As the British Ministry of Information said during World War II, “Keep Calm and Carry On,” the motto for anyone claiming S3 API compatibility might be “Keep Calm, but Keep Up!”
Since the introduction of the S3 service in 2006 there have been 60 releases of the service and protocol.
Scality introduced their first version of the S3 REST based protocol in 2010, built using C language coding. The potential scale of this type of multi-petabyte object-based platform calls to the speed and robustness of a C language based solution. However, with the advent of new authentication mechanisms, increasingly sophisticated access rights management, and other improvements, along with the fact that AWS innovates when and how they see fit, any provider of a compatible interface must be able to be a fast follower of these changes. The C language code base wasn’t meeting our needs for agility.
While the AWS S3 protocol has been massively adopted, its usage is not nearly mainstream as filesystem protocols such as SMB or NFS, which are frequently used by those with little or no inclination to do development work. There is still much to be done to better understand this type of object based protocol, its advantages and constraints. To simplify adoption, a “run anywhere” approach was taken for the protocol engine. We chose containerization to simplify adoption. Now, any user can run the protocol on their laptop or server and immediately start the work of interface development and testing interactions with the interface. The system is directly available for download from DockerHub. This allows developers to have ready access to the protocol without internet access, without requiring a credit card for an AWS account, and avoids shadow IT projects.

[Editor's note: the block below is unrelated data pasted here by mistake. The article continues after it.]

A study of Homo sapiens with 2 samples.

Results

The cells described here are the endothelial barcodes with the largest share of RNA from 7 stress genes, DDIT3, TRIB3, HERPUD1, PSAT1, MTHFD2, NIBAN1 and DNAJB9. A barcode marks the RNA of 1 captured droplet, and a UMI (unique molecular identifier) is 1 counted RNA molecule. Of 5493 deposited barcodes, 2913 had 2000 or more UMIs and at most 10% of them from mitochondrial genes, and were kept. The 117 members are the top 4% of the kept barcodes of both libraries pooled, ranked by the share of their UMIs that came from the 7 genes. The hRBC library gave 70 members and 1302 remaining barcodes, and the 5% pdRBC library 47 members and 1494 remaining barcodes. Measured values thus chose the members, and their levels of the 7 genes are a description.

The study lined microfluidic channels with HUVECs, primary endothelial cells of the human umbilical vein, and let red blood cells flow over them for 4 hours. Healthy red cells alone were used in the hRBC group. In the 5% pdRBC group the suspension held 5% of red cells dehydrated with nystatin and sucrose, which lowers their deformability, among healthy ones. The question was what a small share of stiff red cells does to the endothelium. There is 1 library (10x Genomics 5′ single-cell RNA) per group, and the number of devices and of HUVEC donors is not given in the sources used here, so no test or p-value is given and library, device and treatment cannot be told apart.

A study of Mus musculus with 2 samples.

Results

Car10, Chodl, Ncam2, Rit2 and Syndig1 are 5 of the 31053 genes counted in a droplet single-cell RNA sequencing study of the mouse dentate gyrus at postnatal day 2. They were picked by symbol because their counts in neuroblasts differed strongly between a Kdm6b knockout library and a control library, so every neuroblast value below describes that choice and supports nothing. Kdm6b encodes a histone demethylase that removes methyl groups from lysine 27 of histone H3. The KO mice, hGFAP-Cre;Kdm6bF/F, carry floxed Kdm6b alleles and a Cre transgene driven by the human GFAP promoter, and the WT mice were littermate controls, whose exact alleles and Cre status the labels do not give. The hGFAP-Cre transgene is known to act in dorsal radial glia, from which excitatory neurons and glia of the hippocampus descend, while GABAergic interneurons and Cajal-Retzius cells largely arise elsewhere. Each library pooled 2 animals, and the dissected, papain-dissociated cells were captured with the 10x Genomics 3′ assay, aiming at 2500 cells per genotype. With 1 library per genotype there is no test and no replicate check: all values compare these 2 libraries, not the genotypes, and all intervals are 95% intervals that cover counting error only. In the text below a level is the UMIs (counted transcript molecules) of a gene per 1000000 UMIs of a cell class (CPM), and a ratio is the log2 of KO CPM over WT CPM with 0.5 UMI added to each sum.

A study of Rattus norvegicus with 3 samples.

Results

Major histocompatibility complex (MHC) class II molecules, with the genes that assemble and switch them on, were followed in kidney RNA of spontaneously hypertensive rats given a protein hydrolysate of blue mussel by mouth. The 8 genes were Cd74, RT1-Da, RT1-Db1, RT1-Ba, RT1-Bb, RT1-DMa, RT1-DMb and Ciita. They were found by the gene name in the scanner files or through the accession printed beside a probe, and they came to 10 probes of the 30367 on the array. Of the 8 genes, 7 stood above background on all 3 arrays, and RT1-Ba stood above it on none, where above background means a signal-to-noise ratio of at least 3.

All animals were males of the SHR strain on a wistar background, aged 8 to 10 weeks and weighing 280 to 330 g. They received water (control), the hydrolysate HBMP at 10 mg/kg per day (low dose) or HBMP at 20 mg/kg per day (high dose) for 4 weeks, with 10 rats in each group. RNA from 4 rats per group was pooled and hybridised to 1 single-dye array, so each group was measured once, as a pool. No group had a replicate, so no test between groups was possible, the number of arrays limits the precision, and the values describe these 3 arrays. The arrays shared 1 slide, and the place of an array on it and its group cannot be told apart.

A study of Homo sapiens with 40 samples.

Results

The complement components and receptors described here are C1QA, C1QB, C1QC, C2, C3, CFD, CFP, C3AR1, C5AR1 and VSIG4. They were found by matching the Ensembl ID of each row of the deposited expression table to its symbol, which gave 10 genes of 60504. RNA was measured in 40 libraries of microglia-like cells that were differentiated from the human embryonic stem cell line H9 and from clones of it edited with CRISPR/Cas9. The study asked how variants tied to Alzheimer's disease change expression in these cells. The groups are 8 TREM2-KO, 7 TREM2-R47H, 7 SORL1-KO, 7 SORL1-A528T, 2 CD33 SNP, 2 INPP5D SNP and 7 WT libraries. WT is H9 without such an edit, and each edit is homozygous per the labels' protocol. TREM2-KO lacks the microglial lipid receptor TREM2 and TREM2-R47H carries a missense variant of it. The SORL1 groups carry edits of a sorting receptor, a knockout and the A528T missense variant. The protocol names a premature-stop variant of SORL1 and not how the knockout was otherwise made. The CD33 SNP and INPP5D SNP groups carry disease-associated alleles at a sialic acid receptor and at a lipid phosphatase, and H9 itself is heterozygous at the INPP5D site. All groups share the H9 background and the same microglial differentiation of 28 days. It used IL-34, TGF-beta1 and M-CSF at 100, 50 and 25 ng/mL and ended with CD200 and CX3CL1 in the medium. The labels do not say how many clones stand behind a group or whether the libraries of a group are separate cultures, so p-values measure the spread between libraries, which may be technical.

In order to further enhance the ability to innovate, find bugs, and keep up with the rich features of the AWS S3 protocol offering, the Scality S3 Server source code is also open source with an Apache 2.0 license. The code can be found on Github and represents the first industrial strength, freely available, AWS S3 compatible interface. With implementation in a high level language with a massive developer community, a Docker container version, the open source code that runs with Node.js is available to all who want to understand or develop for the S3 protocol.
Just one thing left to do: visit s3.scality.com to start the journey, then Keep Calm, and Keep Up!